Freshwater Biodiversity Conservation
Freshwater ecosystems cover approximately 1% of Earth’s surface area, but are inhabited by an extraordinary diversity of animals, including 51% (>18,000) of all fish species. Increasing societal demands for freshwater resources over the past century have dramatically altered freshwater habitats worldwide, but the anthropogenic impacts on freshwater biodiversity are not fully appreciated by the public. Accordingly, a disproportionate number of freshwater species are threatened with extinction. In the United States, freshwater species represent 46% of animals protected by the United States Endangered Species Act, and globally, the International Union for the Conservation of Nature (IUCN) considers approximately 30% of all freshwater fish species to be threatened with extinction. More than 80 freshwater fish species have been declared extinct. Our research in freshwater biodiversity conservation is intended to slow and reverse these trends, by providing regulatory agencies with data necessary to optimize species recovery plans. We also recognize the invaluable benefits of public outreach, and we regularly interact with the communities who share the northern gulf ecoregion.
Northern Gulf Aquatic Biodiversity Inventory (NGABI)
NGABI is a project aimed at documenting every freshwater animal within the Northern Gulf Slope, including a region bounded by the Pearl River Watershed on the west and the Apalachicola River Watershed on the east.
Biotic Homogenization of Endemic Communities via the Tenn-Tom Waterway
The Tenn-Tom Waterway represents one of the most extensive anthropogenic landscape alterations in eastern North America. By uniting the Tennessee River and Mobile River Watersheds, the Tenn-Tom Waterway facilitates contact and gene flow among previously isolated populations of hundreds of freshwater animals. LAQE alumnus Patricia (Kiersten) Schellhammer has completed an investigation of gene flow among populations of Bullhead Minnow (Pimephales vigilax), and ongoing research is assessing the potential for gene flow among two cryptic species of Walleye (Sander spp.), both economically important species endemic to the southeastern United States.
Phylogenomics of Alburnops
Zachariah Alley is conducting research on the phylogenetic relationships of Alburnops minnows in partial fulfillment of the requirements for a Master of Science degree.
Stream Capture in the Mobile River Watershed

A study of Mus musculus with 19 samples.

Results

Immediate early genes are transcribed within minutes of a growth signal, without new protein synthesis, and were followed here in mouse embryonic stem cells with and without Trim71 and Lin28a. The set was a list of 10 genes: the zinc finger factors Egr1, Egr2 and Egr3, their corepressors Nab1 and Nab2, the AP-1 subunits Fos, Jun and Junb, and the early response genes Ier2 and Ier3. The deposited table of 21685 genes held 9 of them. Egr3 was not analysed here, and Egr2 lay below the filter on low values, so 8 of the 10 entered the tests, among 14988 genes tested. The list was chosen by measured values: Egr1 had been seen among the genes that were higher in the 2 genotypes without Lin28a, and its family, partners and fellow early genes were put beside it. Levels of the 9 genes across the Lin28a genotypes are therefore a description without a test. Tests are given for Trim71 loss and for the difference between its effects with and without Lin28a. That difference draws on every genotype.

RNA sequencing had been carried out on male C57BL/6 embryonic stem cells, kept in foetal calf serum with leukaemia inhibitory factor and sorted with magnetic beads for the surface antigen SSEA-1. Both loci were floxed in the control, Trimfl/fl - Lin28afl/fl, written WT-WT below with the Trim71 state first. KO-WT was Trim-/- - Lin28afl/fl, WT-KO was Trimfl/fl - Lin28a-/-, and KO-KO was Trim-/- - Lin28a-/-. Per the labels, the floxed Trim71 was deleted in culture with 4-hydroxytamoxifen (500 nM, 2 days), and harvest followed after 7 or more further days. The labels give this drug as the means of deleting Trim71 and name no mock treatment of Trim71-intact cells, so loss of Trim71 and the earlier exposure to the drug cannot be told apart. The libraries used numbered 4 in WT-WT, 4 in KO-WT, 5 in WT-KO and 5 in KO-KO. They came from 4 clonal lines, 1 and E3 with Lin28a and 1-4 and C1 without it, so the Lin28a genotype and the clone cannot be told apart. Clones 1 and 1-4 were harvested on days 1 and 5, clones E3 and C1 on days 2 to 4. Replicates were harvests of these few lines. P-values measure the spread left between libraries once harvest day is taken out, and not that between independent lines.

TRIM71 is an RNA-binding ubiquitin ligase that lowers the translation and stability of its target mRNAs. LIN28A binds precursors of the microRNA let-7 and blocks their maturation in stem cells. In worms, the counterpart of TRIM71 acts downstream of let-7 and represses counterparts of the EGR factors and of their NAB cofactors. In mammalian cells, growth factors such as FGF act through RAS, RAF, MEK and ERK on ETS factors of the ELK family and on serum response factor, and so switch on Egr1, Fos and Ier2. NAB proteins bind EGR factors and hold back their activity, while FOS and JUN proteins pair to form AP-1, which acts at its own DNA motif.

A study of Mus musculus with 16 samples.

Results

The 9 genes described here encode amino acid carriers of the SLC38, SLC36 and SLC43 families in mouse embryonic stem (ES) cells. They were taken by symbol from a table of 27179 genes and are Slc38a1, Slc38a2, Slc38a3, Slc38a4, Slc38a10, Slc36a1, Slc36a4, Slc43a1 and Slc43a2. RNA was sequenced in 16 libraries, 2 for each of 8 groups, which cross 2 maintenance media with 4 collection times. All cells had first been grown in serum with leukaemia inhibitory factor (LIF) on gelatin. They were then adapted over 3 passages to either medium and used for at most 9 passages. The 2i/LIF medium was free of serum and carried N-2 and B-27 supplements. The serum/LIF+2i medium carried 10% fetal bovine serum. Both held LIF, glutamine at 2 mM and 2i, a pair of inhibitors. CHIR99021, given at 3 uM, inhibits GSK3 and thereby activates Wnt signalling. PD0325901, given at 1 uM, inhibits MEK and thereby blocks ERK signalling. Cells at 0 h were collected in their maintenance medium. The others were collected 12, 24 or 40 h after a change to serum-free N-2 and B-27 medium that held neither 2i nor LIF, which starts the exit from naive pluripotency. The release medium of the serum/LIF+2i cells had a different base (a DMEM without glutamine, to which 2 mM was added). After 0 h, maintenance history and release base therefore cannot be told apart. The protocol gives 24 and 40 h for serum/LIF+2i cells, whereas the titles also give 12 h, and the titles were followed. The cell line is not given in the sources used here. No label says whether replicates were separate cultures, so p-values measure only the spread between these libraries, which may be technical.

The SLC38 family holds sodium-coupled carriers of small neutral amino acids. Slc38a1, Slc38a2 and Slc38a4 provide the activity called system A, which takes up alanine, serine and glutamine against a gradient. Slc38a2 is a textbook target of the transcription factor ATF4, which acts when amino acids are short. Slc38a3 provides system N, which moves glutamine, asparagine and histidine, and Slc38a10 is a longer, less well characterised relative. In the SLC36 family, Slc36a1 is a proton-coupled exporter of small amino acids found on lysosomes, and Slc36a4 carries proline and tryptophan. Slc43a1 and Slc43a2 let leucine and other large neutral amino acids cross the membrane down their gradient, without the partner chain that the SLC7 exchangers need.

Julia Wood, MSc, is testing the hypothesis of stream capture as an explanation for her discovery of three species in the Mobile River watershed that were traditionally considered endemic to the Tennessee River watershed.
Conservation Genomics of the Southern Walleye (Sander sp. cf. vitreus)
Conservation Genomics of the Trispot Darter
Kayla Fast, MSc, has led the LAQE investigation of genomic variation among populations of the federally protected Trispot Darter (Etheostoma trisella). In collaboration with Dr. Brook Fluker of Arkansas State University and Dr. Bernie Kuhajda of the Tennessee Aquarium Conservation Institute, we will soon publish our research, which demonstrates the negative impacts of riverine impoundments on the viability of stream fishes. This work is funded by an award from the National Fish and Wildlife Foundation, awarded jointly to the Geological Survey of Alabama and Georgia Department of Natural Resources.
Conservation Genomics of the Coal Darter
Kenny Jones, BSc, has completed his thesis research on conservation genomics of the Coal Darter (Percina brevicauda), a small freshwater fish endemic to Alabama. This work was funded by a Section 6 award from the Alabama Department of Conservation and Natural Resources.
Conservation Genomics of the Bridled Darter (Percina kusha)
Mason Strickland, BSc, is conducting an investigation of conservation genomics of the Bridled Darter (Percina kusha) and the Etowah Bridled Darter (Percina freemanorum) in Georgia. This work is funded by an award from the National Fish and Wildlife Foundation, in collaboration with the Tennessee Aquarium Conservation Institute.